Sadiq Khan is heading for a landslide and could become the first mayoral candidate to win outright after counting just one round of votes, an Evening Standard poll reveals today.
Mr Khan leads his main rival, Tory candidate Shaun Bailey, by 53 per cent to 28 per cent on first preferences, the Opinium survey of 1,100 Londoners reveals.
If the Labour mayor’s support holds firm in the 45 days to polling day on May 6, this would make him the first-ever London mayoral candidate to secure victory without needing to rely on second-preference votes. A candidate is elected after securing 50 per cent of the ballot.
The results, from fieldwork by the pollsters between last Wednesday and Saturday, are the latest to confirm Mr Khan is set for a second term as mayor.
A Redfield and Wilton poll earlier this month put him on 51 per cent and Mr Bailey on 25 per cent.
Sadiq Khan: out in front and heading back to City Hall, say pollsters
The Opinium poll indicates that if the contest did progress to a second round run-off, in which second preference votes were added to first preference votes, Mr Khan would win with 66 per cent against 34 per cent for Mr Bailey.
Lib-Dem Luisa Porritt and Green candidate Sian Berry each received seven per cent support, ahead of UKIP’s Peter Gammons on two per cent and Women’s Equality Party candidate Mandu Reid on one per cent.
Two per cent of respondents selected “another candidate”. Other contenders include the anti-lockdown, anti-woke campaigner and actor Laurence Fox.
Adam Drummond, head of political polling at Opinium, said: “Sadiq Khan is probably going to be re-elected as mayor as his main rival, Conservative Shaun Bailey, is poorly known and doesn’t seem to have the qualities that previously successful Conservatives in London have needed to win in an increasingly Labour-leaning city.
“In all of the issues we tested, Mr Khan’s approach is preferred to Mr Bailey’s but, despite the partisan lean of London as a whole, Boris Johnson’s approval rating is higher than the percentage intending to vote for his candidate.
“While a Conservative winning in London (especially since Brexit) was always going to be an uphill climb, the more positive national political environment for the Conservatives may have given them a better chance than expected had they had a more appealing candidate. As it is, Shaun Bailey appears to have taken a bad hand and played it badly.”
Today’s poll found 47 per cent of respondents approved of Mr Khan’s performance as mayor, with 31 per cent disapproving – with similar approval ratings in inner and outer London.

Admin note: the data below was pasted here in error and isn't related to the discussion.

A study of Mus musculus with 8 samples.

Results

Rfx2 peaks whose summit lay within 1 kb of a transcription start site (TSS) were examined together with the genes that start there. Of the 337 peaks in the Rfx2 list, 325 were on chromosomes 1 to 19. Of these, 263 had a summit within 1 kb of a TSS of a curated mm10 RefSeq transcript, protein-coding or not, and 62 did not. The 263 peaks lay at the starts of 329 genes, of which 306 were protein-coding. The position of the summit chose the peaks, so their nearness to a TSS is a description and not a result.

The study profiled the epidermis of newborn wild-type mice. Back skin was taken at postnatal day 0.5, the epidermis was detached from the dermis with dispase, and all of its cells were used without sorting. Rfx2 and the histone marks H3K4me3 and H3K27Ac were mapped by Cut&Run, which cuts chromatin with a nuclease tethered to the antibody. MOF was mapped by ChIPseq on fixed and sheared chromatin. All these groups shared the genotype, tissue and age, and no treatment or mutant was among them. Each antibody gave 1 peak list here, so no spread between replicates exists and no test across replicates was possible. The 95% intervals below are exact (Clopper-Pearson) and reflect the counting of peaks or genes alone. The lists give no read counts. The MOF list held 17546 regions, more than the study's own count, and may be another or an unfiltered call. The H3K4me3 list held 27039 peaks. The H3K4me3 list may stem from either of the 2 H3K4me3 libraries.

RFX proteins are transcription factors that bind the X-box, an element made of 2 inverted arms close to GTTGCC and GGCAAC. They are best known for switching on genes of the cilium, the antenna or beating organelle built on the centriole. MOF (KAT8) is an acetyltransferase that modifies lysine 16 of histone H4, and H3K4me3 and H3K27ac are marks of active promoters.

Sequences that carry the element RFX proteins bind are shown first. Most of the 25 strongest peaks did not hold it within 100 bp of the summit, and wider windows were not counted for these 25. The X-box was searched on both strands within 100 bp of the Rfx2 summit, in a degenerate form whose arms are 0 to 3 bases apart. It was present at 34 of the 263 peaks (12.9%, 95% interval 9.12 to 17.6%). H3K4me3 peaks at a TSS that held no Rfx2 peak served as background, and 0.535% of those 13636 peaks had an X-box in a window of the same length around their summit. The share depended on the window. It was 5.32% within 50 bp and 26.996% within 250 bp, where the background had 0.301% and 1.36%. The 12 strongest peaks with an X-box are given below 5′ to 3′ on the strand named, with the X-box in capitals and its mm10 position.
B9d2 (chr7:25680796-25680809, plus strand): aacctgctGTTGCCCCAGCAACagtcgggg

Shaun Bailey: “playing a bad hand badly” by failing to win over all Tory voters
It found that 24 per cent of respondents said they were “not sure” who they planned to vote for. Mr Khan’s 53-28 lead over Mr Bailey is based on responses from respondents who say they are certain to vote and who select a candidate.
Mr Khan was even able to take Tory voters from Mr Bailey, with 18 per cent of those who voted Conservative in the 2019 general election saying they would back the current mayor. A total of 77 per cent of Tory general election voters said they would support Mr Bailey.
The votes for London mayor are counted electronically, meaning both first and second preference ballots are processed at the same time. But an outright victory on first preferences would avoid the need to redistribute the second preference votes cast for eliminated candidates.
If Mr Bailey achieves 28 per cent of first preference votes on May 6, it would be on a par with the 27 per cent achieved by Tory candidate Steve Norris in the first London mayoral race in 2000, when Ken Livingstone got 39 per cent, and the 29 per cent Mr Norris polled in 2004.
Mr Johnson’s two victories, in 2008 and 2012, saw him secure 43 per cent and then 44 per cent of first preferences respectively, going on to defeat Mr Livingstone on both occasions.
In the 2016 poll, Mr Khan won 44 per cent of first preferences to 35 per cent for Tory candidate Zac Goldsmith. Mr Khan went on to defeat Mr Goldsmith by a record 315,529 votes.
However Mr Livingstone’s first preference performance in 2000 - when he was standing as an independent - remains the biggest gap between first and second-placed candidates after the first round.
If Mr Khan does go on to secure victory based solely on first preferences, this would appear to be a consequence of the third and fourth-placed parties polling badly. Simon Hughes polled 15.2 per cent of first-preference votes for the Lib-Dems in 2004.
The mayoral race formally began today with the opening of nominations. Candidates wishing to stand have a week to submit their papers. About six million Londoners will be able to vote for the Mayor and the 25 members of the London Assembly.
People can vote if they are aged 18 or over on May 6, a British, qualifying Commonwealth or EU citizen and living in London. People not yet registered to vote can do so by April 19 at: gov.uk/register-to-vote
When life shuts a door ... open it again. It's a door. That's how they work.